Michigan CWD symposium brings together national wildlife, disease experts
Wildlife scientists and other experts from across the country gathered last week in East Lansing, Mich., for the state’s Chronic Wasting Disease Symposium – an opportunity to share ideas and focus on finding solutions for containing CWD, a fatal neurological disease that first emerged in Michigan’s free-ranging, white-tailed deer population in 2015.
Hosted Oct. 3-4 by the Michigan DNR and Department of Agriculture and Department of Rural Development, along with the Michigan Natural Resources Commission and the Michigan Commission of Agriculture and Rural Development at the Kellogg Hotel and Conference Center, the two-day workshop brought together approximately 200 individuals from a variety of backgrounds, according to a DNR news release Tuesday, Oct. 10.
“There was an impressive list of experts who are internationally known for their research on chronic wasting disease,” stated Dr. Kelly Straka, DNR wildlife veterinarian. “There were representatives from several universities, including Georgia, Colorado State, Wisconsin, Illinois, Midwestern and Michigan State.”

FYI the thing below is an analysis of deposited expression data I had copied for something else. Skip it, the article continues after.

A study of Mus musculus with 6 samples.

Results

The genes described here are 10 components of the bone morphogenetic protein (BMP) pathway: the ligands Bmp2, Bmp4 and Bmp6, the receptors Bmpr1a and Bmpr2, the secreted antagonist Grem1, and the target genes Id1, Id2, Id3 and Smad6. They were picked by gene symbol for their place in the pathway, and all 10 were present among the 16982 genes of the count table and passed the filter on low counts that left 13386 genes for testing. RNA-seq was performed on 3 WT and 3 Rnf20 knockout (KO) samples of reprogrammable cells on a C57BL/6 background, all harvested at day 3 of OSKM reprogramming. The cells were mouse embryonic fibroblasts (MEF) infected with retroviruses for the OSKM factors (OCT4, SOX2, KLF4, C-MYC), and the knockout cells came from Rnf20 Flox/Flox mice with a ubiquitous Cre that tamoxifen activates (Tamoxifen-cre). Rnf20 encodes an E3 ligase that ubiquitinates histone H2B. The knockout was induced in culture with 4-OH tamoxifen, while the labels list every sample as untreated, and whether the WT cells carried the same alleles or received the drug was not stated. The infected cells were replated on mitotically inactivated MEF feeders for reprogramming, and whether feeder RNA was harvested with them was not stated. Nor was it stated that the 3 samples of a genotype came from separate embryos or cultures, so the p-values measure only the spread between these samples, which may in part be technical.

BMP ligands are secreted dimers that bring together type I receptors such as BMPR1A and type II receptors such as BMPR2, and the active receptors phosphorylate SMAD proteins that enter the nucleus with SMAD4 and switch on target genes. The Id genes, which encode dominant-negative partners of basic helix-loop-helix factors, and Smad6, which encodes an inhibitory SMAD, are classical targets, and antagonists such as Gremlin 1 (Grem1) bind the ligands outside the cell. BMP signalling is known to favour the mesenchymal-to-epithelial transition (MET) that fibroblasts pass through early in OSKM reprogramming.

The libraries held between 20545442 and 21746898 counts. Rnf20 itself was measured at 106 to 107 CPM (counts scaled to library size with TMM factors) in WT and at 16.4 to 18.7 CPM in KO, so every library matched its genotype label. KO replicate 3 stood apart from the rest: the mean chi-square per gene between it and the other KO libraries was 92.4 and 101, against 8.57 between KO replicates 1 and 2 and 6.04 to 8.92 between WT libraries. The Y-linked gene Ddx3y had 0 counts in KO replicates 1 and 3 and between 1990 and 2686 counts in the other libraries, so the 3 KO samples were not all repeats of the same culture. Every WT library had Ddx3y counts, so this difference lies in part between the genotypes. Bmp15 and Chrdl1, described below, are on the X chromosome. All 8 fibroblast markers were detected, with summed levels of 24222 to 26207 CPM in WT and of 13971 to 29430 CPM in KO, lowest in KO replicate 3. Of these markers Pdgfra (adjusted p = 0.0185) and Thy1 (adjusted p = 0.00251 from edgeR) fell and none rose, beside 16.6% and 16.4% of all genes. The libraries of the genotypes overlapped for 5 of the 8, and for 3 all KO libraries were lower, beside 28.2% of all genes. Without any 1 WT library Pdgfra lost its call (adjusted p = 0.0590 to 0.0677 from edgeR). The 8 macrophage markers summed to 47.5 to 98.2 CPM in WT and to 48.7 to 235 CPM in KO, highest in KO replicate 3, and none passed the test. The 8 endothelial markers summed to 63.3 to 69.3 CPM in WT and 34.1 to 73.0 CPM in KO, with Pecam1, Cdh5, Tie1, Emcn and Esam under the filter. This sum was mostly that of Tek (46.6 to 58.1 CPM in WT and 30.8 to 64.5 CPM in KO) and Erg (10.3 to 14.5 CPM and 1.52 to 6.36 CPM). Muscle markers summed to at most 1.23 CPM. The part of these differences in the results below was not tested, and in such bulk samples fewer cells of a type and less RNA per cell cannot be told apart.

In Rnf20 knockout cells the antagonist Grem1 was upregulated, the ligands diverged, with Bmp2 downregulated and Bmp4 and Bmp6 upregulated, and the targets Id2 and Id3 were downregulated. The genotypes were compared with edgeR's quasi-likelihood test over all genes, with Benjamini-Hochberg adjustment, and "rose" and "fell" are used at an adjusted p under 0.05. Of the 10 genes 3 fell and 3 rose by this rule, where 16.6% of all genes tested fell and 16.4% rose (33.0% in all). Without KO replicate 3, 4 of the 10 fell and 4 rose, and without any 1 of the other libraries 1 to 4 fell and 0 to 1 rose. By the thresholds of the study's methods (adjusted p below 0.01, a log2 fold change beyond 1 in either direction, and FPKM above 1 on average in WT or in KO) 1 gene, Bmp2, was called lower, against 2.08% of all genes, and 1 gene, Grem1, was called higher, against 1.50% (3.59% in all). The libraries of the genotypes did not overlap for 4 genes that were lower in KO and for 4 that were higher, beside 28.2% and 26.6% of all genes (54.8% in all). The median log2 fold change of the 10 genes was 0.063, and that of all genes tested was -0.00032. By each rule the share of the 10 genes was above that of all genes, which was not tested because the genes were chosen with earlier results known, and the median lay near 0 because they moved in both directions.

In addition, the symposium welcomed speakers from state agencies representing Illinois, Missouri, Pennsylvania, Wisconsin and Wyoming, and, as well as several nongovernmental and government agencies including the Quality Deer Management Association, the North American Deer Farmers Association, the United States Geological Survey and the United States Department of Agriculture.
Presentations covered topics including:
- The first five decades of CWD evolution.
- Disease transmission and pathogenesis (how it developed).
- Maternal transmission and species susceptibility.
- Transmission by saliva, feces, urine and blood.
- Plant uptake and antemortem testing.
- Social impacts of the disease.
- The role of genetic influences.
- The importance of applied research.
- Perspective on captive cervid communities.
- CWD management in various states.
Several members of Michigan’s recently formed CWD workgroup (with representation from both the Natural Resources Commission and the Michigan Commission of Agriculture and Rural Development) were on hand to hear and consider the latest CWD information being shared.
The CWD workgroup was created to advise the NRC, the DNR and other applicable agencies on further steps and actions that could be implemented to substantially mitigate or eliminate chronic wasting disease in Michigan. The group held its first meeting Oct. 5 and is set to deliver recommendations to the NRC and the DNR by Dec. 31. Upon receipt of those recommendations, the NRC and the DNR will develop an appropriate process for public review and feedback.